Corn: Not your father’s grain market
By CLAYTON RYE
Farm News staff writer
Farmers are attempting to make plans for this approaching crop year, and in years past it was a simple matter of supply and demand.
One of the main determinants in predicting prices was livestock numbers.
However, today’s markets are subject to various outside forces and the law of supply and demand seems to have been relegated to lower importance in predicting prices.
During a Jan. 5 webinar, conducted by DTN, senior analyst Darin Newsom said those outside factors have made commodities “predominantly an investment market. This is not your father’s grain market.”
A primary concern of the first quarter of 2012 will be the dollar index.
“It lays ground for commodities later on,” said Newsom. It is currently breaking through 80 and headed for the next level which is 84, according to Newsom.
The euro is another concern as it trades inversely with the dollar. Investment money is going to the dollar, said Newsom. The market is bearish on the euro and bullish on the dollar, which is not good for commodity prices.
The Dow Jones Industrial Average, which Newsom thought was testing resistance at a previous high of 12,876, is another factor.
But Newsom thought the DJIA will lose momentum as investors get skittish.
Looking at 5- and 10-year seasonal averages, the Dow moves sideways through early March.
According to Newsom investors use the Dow for short-term investments and commodities for long-term investments.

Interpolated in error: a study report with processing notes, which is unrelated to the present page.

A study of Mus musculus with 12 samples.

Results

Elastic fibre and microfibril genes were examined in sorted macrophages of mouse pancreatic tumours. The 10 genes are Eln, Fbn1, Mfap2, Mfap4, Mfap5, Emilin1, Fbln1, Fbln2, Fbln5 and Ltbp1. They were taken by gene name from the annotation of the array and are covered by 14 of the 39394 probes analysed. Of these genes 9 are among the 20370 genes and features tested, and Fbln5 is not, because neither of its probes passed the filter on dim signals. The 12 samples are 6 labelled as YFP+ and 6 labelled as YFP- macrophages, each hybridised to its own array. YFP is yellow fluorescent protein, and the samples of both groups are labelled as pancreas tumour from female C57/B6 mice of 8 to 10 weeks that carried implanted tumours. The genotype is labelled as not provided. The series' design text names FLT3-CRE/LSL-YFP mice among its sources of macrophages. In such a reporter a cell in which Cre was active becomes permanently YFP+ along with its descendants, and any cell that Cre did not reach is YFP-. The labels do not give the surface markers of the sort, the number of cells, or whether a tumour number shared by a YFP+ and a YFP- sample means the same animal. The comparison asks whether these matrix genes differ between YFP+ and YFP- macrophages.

Newsom predicted for the first quarter of 2012 that the dollar would be up and the Dow down. Economic reports have been more bullish than expected which will give support, he said.
The strengthening dollar will cause commodities to trend lower for the first quarter. The general pressure on commodities will put them in “a no man’s land,” said Newsom.
Crude oil has “stolen the headlines” with a “nice rally,” said Newsom. From a low of 73.66 in late 2011, crude oil will find resistance at 109.
The energy sector peaked in early 2011 and has been down since. Newsom said energy is a stable market with no sign of collapse. Newsom believes it could be the first market to move upward.
Commercial crude is in a tight supply-demand situation and Newsom said the long term is bullish as support is building.
Brent crude is “about as bullish as anything we see,” said Newsom.
Gasoline is also fundamentally bullish and Newsom said to look for higher prices in the spring.
Supplies are accumulated during the seasonal low that occurs during mid-February.
Newsom sees heating oil, which also influences diesel fuel prices, as “more bullish than gasoline.”
Heating oil had a “strong market into 2012” and “traders are already buying,” said Newsom. Investors will be right behind the traders.
Concerning commodities, Newsom predicted that corn will lead the market, adding corn has had a recent bounce headed for possibly $5.50.
After a great deal of liquidation last year, Newsom does not expect a bullish move until spring. Investors are not excited and see no fundamental reason to rally.
Newsom predicted that soybeans are probably going to stall out and the market wants to consolidate. Soybeans supplies are not as tight as corn.
Two large factors in the soybean market will be South American weather and Chinese demand.
Newsom presented charts on the stocks-to-use ratio for corn and soybeans. The corn ratio is tight, while soybeans and wheat could get tight.
Showing a graphic that charts the ratio of cash corn to cash soybeans, Newsom said “corn has gained ground on soybeans and will probably not give it back.”
Contact Clayton Rye at firstname.lastname@example.org.